South Carolina Solar Is Rising


After two years of negotiations, the South Carolina House of Representatives voted unanimously earlier this summer on legislation to promote solar in the Palmetto State. As a result of the South Carolina Distributed Energy Resource Act (S.B. 1189), Sol Systems expects the South Carolina solar market to expand from a mere 8 MW (according to IREC’s 2013 report) to 300 MW or more by 2021. Here’s how.

South Carolina’s New Solar Program

Under S.B. 1189, larger utilities (those who serve 100,000+ customers — effectively, SCE&G and Duke Power) must obtain 2% of their average 5-year peak power demand from solar energy sources. Of this 2%, 1% must be comprised of 1-10 MW solar projects; the other 1% must be comprised of solar projects under 1 MW, 25% of which must be 20 kW or smaller. Here’s the breakdown of that 2%:

South Carolina Solar

The bill also lifts the net metering cap on individual solar projects from 100 kW to 1 MW and permits the state to utilize third-party financing for the first time, albeit only with specific lease agreements subjected to Commission scrutiny. The legislation requires utilities to implement their solar procurement plans a year from now, though actual implementation may happen sooner.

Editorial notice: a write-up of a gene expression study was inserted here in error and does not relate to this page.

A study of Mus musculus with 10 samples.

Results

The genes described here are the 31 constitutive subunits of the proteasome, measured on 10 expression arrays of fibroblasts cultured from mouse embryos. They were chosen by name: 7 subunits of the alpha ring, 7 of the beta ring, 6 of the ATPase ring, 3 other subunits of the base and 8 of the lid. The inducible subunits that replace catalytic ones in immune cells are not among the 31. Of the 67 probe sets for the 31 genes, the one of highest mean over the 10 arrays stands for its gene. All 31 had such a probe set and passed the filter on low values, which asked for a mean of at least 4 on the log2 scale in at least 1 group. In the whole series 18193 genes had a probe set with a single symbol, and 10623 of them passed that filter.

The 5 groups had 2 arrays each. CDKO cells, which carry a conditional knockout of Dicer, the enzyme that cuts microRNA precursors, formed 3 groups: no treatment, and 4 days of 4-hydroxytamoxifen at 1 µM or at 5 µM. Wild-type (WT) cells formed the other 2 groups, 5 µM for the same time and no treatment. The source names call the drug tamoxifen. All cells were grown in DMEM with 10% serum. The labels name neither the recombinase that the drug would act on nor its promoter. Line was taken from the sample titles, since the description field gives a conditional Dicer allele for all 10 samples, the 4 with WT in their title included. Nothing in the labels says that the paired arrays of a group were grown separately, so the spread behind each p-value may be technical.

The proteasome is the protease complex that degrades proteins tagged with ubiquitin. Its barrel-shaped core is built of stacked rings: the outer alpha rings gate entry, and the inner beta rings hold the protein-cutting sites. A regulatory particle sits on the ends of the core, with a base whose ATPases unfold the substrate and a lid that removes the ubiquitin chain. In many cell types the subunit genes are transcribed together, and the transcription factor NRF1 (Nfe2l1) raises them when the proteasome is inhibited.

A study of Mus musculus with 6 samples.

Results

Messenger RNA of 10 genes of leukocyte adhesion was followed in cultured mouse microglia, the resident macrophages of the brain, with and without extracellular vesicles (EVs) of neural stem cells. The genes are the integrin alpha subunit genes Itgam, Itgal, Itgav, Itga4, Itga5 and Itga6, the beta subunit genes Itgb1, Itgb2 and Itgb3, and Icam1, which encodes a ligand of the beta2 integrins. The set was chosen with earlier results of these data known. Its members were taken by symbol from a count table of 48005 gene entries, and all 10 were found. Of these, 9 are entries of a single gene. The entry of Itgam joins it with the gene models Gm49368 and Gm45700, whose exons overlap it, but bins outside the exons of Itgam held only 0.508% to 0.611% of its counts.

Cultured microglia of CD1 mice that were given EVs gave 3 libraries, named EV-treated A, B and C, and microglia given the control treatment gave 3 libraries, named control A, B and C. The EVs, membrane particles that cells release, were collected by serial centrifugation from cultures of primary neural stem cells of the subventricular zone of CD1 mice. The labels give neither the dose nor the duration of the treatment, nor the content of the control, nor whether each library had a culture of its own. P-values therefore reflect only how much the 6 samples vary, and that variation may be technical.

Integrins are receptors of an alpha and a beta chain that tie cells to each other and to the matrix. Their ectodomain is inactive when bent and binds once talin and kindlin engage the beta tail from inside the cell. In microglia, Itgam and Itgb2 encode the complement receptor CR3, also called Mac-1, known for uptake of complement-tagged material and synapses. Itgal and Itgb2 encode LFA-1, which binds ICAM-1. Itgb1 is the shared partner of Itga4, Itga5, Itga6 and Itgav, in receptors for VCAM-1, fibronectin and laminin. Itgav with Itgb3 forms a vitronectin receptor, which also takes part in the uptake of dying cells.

South Carolina Solar Market Outlook

2% by 2020 is a serious target, similar to what we’ve seen in Maryland and other top tier states; however, it is important to remember that South Carolina has a relatively smaller population. Over the next 5 or 6 years, the program should produce about 150 MW of 1–10 MW projects, 75 MW of 0 – 1 MW non-residential, and 75 MW of residential. The market could take longer to mature, but given that utilities aren’t required to meet compliance until 2021 and that “ramp” remains undefined, market growth may be slower.


We expect for much of the build out in the South Carolina solar market to come from experienced Georgia and North Carolina developers. The Georgia market has taken off after the launch of Georgia Power’s solar feed-in tariff program. Meanwhile, North Carolina has become a solar giant, now ranked #4 in terms of solar capacity (according to SEIA and Greentech Media’s Solar Market Insight Report) behind California, New Jersey, and Arizona. Needless to say, solar is rising in the South.

Sara Rafalson handles business development and strategic partnerships for Sol Systems, a solar financing firm located in Washington, D.C. To date, the company has facilitated financing for approximately 120 MW of residential, commercial, and utility-scale solar across the United States.